Finding common ground in the abortion debate

On the 40th anniversary of the Supreme Court ruling legalizing abortion, the issue continues to tear the American fabric. Still, Roe v. Wade will probably not be overturned in the foreseeable future, given the likelihood that President Obama will make one or two Supreme Court appointments in the next four years. Given that, and given that the abortion issue has been a bitterly contentious one in this country for the past generation, how might we move the discussion into more constructive, less hateful territory?

I am close to people on both sides of the abortion battlefield. It seems to me that if “pro-life” Americans truly believe abortion is murder, then, given the above reality, the wisest use of their energies would be to work tirelessly to reduce the number of abortions.


I pray often, for various things, mostly the health of loved ones. It’s relatively easy to pray. It’s even easier to wring one’s hands, point fingers, and find someone to finance a few billboards. But sincere abortion opponents might also consider something more difficult: starting a discussion with the Catholic Church. I say this as a person who was raised Catholic and who retains a great respect for the belief of my many Catholic relatives and friends.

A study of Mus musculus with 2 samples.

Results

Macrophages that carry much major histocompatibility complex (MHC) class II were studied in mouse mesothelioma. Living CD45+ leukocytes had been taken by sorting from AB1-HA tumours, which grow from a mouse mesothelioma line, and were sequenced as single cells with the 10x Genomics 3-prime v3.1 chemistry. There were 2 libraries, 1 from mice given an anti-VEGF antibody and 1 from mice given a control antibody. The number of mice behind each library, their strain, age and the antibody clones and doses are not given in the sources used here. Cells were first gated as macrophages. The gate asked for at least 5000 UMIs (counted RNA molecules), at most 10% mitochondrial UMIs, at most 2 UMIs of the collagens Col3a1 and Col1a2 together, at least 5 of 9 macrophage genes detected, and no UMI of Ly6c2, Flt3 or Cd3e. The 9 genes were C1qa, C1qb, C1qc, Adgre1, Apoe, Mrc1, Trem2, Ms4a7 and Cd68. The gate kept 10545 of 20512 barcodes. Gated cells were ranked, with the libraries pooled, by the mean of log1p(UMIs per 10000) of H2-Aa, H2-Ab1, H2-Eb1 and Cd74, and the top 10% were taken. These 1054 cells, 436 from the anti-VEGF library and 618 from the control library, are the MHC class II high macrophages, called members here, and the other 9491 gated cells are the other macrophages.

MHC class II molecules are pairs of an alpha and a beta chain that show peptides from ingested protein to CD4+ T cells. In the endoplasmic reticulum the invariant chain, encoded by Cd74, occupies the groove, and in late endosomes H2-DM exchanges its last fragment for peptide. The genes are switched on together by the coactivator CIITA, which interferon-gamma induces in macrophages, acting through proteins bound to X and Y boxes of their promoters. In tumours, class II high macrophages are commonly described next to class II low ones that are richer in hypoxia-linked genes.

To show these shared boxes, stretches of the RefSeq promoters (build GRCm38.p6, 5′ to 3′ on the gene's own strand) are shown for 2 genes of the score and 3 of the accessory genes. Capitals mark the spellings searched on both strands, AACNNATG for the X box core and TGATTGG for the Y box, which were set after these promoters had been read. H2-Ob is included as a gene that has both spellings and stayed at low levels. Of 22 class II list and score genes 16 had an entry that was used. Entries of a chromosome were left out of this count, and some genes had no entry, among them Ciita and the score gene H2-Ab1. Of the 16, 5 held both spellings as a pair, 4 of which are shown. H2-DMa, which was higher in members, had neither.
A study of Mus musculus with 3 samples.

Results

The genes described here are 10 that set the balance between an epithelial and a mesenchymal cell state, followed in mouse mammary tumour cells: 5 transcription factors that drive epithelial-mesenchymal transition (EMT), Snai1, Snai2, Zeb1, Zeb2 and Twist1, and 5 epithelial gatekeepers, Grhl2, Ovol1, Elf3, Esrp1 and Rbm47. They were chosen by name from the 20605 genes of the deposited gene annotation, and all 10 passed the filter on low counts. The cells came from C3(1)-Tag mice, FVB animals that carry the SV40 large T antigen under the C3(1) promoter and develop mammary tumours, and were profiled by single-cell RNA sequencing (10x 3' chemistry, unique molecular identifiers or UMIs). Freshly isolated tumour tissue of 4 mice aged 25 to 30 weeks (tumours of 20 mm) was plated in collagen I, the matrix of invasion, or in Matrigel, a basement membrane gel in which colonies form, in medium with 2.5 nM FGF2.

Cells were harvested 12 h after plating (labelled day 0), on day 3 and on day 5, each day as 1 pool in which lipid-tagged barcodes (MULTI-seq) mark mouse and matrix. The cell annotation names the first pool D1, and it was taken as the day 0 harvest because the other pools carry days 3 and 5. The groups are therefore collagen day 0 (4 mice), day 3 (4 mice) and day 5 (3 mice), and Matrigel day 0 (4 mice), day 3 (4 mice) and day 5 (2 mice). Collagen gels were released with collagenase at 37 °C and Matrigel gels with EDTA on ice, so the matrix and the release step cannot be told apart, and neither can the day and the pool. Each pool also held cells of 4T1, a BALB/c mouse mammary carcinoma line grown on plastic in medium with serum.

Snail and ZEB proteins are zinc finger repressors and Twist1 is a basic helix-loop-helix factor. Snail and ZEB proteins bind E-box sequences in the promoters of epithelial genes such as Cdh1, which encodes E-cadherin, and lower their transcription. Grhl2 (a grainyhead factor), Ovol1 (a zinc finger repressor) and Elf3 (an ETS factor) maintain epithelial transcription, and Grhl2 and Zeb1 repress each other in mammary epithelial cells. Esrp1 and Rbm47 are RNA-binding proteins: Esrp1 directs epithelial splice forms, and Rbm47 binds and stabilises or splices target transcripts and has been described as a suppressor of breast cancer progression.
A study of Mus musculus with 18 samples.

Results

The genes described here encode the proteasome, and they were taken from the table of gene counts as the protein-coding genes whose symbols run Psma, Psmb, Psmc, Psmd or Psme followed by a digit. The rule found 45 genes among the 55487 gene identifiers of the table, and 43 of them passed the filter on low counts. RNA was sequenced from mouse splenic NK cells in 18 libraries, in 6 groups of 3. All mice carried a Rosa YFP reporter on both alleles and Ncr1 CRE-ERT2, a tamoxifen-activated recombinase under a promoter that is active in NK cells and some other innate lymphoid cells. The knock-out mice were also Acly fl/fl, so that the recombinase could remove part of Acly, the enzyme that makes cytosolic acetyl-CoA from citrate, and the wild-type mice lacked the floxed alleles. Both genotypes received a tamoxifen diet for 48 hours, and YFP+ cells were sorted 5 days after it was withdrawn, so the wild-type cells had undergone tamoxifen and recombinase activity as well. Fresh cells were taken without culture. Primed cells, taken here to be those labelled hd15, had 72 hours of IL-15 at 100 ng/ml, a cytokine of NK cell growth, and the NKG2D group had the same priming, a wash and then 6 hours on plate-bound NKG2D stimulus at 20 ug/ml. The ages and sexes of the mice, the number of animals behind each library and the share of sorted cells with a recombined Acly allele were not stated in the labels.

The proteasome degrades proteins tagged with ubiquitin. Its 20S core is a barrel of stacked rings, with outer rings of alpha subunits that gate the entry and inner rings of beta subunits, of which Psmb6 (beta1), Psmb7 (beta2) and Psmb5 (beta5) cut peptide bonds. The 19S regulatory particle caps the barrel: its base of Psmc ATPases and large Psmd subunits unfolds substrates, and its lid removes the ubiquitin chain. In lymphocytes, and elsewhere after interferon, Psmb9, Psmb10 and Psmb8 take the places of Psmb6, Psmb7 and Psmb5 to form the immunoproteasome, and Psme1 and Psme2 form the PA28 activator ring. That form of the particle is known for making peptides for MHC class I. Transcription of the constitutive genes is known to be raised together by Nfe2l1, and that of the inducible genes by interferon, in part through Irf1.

Some studies show that over 90 percent of Catholic women use birth control. So let’s stop pretending. Let’s talk openly about contraception — and not just for women. Men use birth control, too — a fact too often ignored.

On the other side of the aisle, it’s time for “pro-choice” people to speak out loudly — as some have — and say, “We are not pro-abortion!” No one aspires to have an abortion. It is not enjoyable, physically or otherwise. Yet it sometimes seems that asking pro-choice people to say “yes, let’s reduce abortions” is the equivalent of asking NRA members to say “yes, let’s get automatic weapons off the street.” There is no slippery slope here.

It’s so easy to shout, “If you don’t believe in abortion, don’t have one!” on one side, or “Abortion stops a beating heart,” on the other. Slogans make us feel righteous, especially with like-minded friends. But they do nothing to solve the problem.

On the 40th anniversary of Roe v. Wade, the issue of abortion continues to tear the American fabric. How might we move the discussion into less hateful territory?


Right now is the moment in our history when instead of making ourselves feel good by shouting slogans, we can take concrete steps to begin peace talks.

The alternative is dissension, bitterness, anger, and . . . more abortions.

Roland Merullo’s most recent novel, “Lunch with Buddha,” was published in November.